Originally a press photographer in the 1980’s for the Beeld before moving to Cape Town to obtain a BA Fine Arts Degree at Michaelis School of Fine Art. Lien Botha, a photographer and artist merged into one. Most know her as the photographer who adorns the pages of VISI, others remember her as the winner of the Standard Bank Young Artist for Visual Arts Award in 1997 and again in 2003 when nominated as Festival Artist at the Klein Karoo National Kunstefees. We chat to Lien to discover a bit more about the person behind the photographs.
Q: At which point in your life were you bitten by the photography bug? A: When I was given a kaleidoscope at the age of ten.
Q: How do you decide which camera to use for which shoot? A: I will work with what is needed by a particular body of work. With Safari and Amendment I used the word/text as collaborator of the lens. In the early eighties as a press photographer, I gathered Highveld dusks with a Nikon and Ilford HP5, ruthless processing and a growling editor who didn’t care less about high contrast. Many years later, I used a Canon 35mm for ‘drawing’, a Mamiya RZ Pro medium format camera for precision and a very old Yashica for the ‘unseen’. These days however, I mainly surrender to the bliss of a Canon EOS 5D Mark II. Sometimes I still take out the Mamiya, just to listen to the sound of the shutter.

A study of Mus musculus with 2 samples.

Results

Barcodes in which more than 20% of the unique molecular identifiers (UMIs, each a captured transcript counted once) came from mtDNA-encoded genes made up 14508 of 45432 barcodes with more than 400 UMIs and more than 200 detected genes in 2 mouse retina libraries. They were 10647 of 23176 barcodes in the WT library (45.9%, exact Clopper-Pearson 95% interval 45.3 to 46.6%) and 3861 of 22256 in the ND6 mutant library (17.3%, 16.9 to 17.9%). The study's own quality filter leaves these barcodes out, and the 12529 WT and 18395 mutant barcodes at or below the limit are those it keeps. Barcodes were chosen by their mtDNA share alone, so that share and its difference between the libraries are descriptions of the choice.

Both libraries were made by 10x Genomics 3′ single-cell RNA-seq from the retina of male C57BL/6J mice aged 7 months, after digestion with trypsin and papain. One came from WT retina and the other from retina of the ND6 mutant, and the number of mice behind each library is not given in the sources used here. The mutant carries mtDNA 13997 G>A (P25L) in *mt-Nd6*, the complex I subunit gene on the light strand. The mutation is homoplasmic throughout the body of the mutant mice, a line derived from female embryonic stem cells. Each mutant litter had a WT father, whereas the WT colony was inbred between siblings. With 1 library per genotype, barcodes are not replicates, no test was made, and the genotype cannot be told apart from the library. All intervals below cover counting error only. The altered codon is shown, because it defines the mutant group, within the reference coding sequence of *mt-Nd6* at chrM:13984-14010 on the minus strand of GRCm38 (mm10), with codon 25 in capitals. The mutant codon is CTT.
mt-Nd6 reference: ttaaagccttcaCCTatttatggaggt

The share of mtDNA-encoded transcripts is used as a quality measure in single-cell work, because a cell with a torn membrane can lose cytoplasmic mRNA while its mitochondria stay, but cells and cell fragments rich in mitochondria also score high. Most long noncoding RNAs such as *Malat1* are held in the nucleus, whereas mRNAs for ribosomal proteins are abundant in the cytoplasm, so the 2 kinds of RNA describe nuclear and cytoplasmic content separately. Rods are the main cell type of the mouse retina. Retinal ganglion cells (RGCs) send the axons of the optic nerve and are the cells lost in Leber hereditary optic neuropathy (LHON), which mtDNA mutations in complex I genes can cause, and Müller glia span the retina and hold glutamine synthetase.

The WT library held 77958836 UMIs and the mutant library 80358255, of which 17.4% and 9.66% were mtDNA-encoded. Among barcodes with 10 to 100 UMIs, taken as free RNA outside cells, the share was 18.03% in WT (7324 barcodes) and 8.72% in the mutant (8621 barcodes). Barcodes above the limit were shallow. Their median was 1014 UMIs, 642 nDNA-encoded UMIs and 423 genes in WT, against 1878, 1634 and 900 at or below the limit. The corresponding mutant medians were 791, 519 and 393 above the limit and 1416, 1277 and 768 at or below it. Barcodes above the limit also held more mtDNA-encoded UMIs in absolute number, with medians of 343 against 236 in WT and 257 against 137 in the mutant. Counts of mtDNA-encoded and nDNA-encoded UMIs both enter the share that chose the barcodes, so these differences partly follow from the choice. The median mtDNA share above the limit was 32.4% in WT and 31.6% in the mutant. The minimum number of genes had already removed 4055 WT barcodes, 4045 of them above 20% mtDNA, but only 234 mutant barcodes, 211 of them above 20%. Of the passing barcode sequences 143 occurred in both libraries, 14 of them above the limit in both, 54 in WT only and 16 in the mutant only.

Q: Are you anti-photoshop or do you think that it has its place in the professional photographers world? A: No, I’m certainly not anti-photoshop and I believe the application certainly has its place. It is just not something which I utilise much in my own work. I have seen images which are actually quite dire in their superficiality due to way too much interference and manipulation. Perhaps the latter has something to do with an idealized world.
Q: When shooting for a lifestyle magazine like VISI, do you find that sometimes your creativity is heightened/stifled due to the specifications of the client brief? A: VISI has such a particular pitch that I doubt if a photographer could feel stifled by a brief from the magazine. Every shoot remains a challenge, every shoot is unique and contains its own set of codes, for me the learning curve remains a major driver. The moment you become too relaxed or comfortable is when you should see a warning sign.
Q: Which photography genre unleashes your true passion and why? A: I have always worked primarily from my environment: the typical landscape as well as the internal landscape, and from this wide space comes small moments and events that can trigger an idea or concept. It is usually the ordinary that informs my work: love, loss, the memory of an ancestor, the life-cycle of an insect. The world is a stimulating place filled with order and disaster.
Q: Do you see yourself as a South African icon? A: No, certainly not, but thanks for the thought.